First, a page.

Probe flounders as accused roam free; CBI, ED, Vigilance left pushing paper

Ranchi, June 9: Absconding co-accused, various probe agencies and an intricate money trail is holding up investigations against, and trial of, Madhu Koda.

The former chief minister has been in jail for over two and half years. He has four cases of corruption, worth over Rs 2,000 crore against him.

While he has been granted bail in one of two cases being investigated by the CBI, he is also being probed by Vigilance Bureau and Enforcement Directorate for questionable poll funds and money laundering.

The CBI, which is investigating two cases of graft — disproportionate assets and scam in rural electrification against Koda (see chart), has realised that a trial in its special court is now far away. Hence, it is now thinking of splitting the cases to hold a separate trial if the former chief minister’s close confidant and co-accused Sanjay Chaudhary does not submit to the process of law.

Even then, it is unlikely to happen anytime soon — so much for a Supreme Court directive asking all courts to expedite trials in corruption cases.

According to sources, the CBI submitted a chargesheet against Koda and two of his associates, Vinod Sinha and Chaudhary, in 2010. They have been accused of receiving Rs 13 crore bribe for recommending land allotment to a private company, Mumbai-based Core Steel Industries Ltd, for iron ore mining.

The charges are under Section 13(1) (d) of P C Act for accepting illegal gratification and abuse of office. The next date of hearing is June 15.

“We have supplied police papers to Koda and Sinha but Chaudhary is still absconding, holding up the legal process,” said a CBI officer.

He pointed out that efforts to extradite Chaudhary from Dubai were on since November 2011. All papers were sent to UAE, but soon the agency received a request that these be translated in Arabic.

“We have done that, too. Now, if the extradition does not happen soon, then we will request the court to split the case and frame charges. Under the law, trial can begin only when the court frames the charges,” he said.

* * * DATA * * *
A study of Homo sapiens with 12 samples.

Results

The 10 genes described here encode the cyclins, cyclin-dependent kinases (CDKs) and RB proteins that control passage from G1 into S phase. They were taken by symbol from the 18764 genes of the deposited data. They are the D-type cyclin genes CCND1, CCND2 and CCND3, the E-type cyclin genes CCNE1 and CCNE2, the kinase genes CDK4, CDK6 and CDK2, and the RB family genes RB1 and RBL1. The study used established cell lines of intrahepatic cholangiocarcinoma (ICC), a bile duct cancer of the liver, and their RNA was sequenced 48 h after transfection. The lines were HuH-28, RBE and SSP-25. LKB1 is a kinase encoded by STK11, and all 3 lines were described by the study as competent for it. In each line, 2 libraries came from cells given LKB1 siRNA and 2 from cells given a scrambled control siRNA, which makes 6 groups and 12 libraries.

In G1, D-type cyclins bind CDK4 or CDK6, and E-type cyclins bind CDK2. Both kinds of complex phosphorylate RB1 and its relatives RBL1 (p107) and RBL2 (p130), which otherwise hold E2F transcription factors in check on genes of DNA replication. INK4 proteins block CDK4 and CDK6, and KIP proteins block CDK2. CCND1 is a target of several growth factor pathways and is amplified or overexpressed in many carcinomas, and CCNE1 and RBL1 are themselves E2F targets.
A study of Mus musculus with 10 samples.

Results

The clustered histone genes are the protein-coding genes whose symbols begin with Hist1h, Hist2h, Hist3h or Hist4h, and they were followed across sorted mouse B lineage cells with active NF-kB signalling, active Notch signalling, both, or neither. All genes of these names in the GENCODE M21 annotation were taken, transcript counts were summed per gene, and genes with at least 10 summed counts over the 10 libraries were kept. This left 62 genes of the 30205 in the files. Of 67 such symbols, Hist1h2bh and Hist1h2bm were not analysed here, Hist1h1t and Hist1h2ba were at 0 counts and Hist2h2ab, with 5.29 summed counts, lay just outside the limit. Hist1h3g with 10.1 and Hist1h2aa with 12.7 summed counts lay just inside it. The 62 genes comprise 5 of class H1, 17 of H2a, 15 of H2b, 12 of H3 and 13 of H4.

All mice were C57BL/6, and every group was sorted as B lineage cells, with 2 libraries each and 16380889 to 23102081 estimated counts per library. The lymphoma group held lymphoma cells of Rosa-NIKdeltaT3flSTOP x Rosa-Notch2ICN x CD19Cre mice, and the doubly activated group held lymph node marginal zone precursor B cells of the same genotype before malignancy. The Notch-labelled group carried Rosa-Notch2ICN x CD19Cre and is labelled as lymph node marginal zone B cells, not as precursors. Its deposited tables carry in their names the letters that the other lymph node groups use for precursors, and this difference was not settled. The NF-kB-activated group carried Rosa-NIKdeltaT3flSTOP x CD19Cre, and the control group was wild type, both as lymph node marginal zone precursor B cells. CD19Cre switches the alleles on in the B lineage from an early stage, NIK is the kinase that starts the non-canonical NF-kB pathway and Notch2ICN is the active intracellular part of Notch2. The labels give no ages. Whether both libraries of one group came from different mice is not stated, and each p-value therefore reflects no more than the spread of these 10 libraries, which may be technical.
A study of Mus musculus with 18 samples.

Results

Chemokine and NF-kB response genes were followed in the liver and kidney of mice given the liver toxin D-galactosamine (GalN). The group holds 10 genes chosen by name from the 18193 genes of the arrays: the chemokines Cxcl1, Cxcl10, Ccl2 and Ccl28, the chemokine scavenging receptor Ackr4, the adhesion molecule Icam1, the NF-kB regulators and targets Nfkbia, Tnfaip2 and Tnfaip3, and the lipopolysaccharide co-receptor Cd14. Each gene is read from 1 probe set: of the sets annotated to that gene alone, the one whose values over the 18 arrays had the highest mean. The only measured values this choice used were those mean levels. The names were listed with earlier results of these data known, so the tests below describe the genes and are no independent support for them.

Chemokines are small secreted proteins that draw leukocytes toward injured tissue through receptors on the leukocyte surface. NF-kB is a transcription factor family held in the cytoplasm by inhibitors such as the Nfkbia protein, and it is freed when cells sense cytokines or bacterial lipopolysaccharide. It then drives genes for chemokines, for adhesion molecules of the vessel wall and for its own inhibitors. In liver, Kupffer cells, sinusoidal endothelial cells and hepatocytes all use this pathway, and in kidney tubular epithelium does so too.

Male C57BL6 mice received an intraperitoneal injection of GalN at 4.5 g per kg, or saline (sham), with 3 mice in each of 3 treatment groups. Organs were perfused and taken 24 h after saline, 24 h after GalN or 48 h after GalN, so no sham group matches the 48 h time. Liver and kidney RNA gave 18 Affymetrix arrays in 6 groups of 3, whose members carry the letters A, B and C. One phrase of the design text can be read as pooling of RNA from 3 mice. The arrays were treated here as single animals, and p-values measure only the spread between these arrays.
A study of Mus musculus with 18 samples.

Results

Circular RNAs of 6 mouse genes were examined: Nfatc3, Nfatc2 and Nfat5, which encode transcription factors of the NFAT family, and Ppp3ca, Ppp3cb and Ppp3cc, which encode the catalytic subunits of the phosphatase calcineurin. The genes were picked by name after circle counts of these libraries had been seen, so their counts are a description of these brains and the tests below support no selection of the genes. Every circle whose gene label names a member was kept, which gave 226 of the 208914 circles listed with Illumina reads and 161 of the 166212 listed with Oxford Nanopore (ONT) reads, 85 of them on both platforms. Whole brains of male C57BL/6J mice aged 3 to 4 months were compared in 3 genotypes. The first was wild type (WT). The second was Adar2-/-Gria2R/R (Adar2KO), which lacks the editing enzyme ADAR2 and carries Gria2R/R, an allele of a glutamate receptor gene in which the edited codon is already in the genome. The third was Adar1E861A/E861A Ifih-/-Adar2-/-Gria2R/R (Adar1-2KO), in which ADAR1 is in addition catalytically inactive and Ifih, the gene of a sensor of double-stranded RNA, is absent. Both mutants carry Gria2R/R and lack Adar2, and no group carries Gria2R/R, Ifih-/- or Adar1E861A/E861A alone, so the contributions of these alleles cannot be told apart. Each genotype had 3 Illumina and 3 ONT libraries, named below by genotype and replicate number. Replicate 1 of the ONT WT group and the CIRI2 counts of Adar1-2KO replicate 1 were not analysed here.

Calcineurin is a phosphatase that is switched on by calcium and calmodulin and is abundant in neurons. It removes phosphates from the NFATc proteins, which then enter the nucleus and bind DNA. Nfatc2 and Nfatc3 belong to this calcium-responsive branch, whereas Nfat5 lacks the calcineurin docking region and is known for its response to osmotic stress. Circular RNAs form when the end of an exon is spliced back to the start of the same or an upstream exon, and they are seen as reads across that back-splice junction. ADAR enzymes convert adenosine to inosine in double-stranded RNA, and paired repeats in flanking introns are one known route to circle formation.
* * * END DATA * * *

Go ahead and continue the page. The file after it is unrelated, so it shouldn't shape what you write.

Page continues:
But, the CBI also needs to investigate Koda and Co. for showing undue favours to other firms. “This requires separate investigation and subsequently, if we get corroborative evidence, we may have to file several supplementary chargesheets in future,” the officer explained.

The CBI, he added, would also file a separate chargesheet against Koda for owning disproportionate assets. The Vigilance Bureau had filed a chargesheet, but that was before CBI took over the case in 2010.

In case of the Mumbai company though, investigations are complete. Hence the idea of a separate trial.

There is, however, yet another hurdle. The case against Koda and Co. had been launched after raids by income tax authorities at 170 places in 2009. “Original documents, like bank account papers, records of transactions involving several individuals and companies, seized during the raids, are still with the IT department. This is hampering our investigations and delaying trial,” the CBI officer added.

Investigating agencies have also failed to get to as many as seven co-accused. One of them, Anil Bastawade, a conduit allegedly used by Koda to channel funds and against whom an Enforcement Directorate arrest warrant is pending, was traced by a television news channel to Indonesia.

“Apart from Bastawade, the six others who are yet to submit to the process of law are Rohitas Krishnan, Saubhik Chattopadhyay, Manoj Kumar Sinha, A.A. Bafna, Sanjay Chaudhary and Dhananjay Chaudhary,” said the directorate’s lawyer S.R. Das.

Those who have surrendered in the case include Koda, Vinod Sinha, Vikas Sinha, Vijay Joshi, Manoj Punamiya and Arvind Vyas. Chargesheets against them have been filed. “But the trial to establish the money trail out of the country can’t begun unless all the accused appear in court,” he said.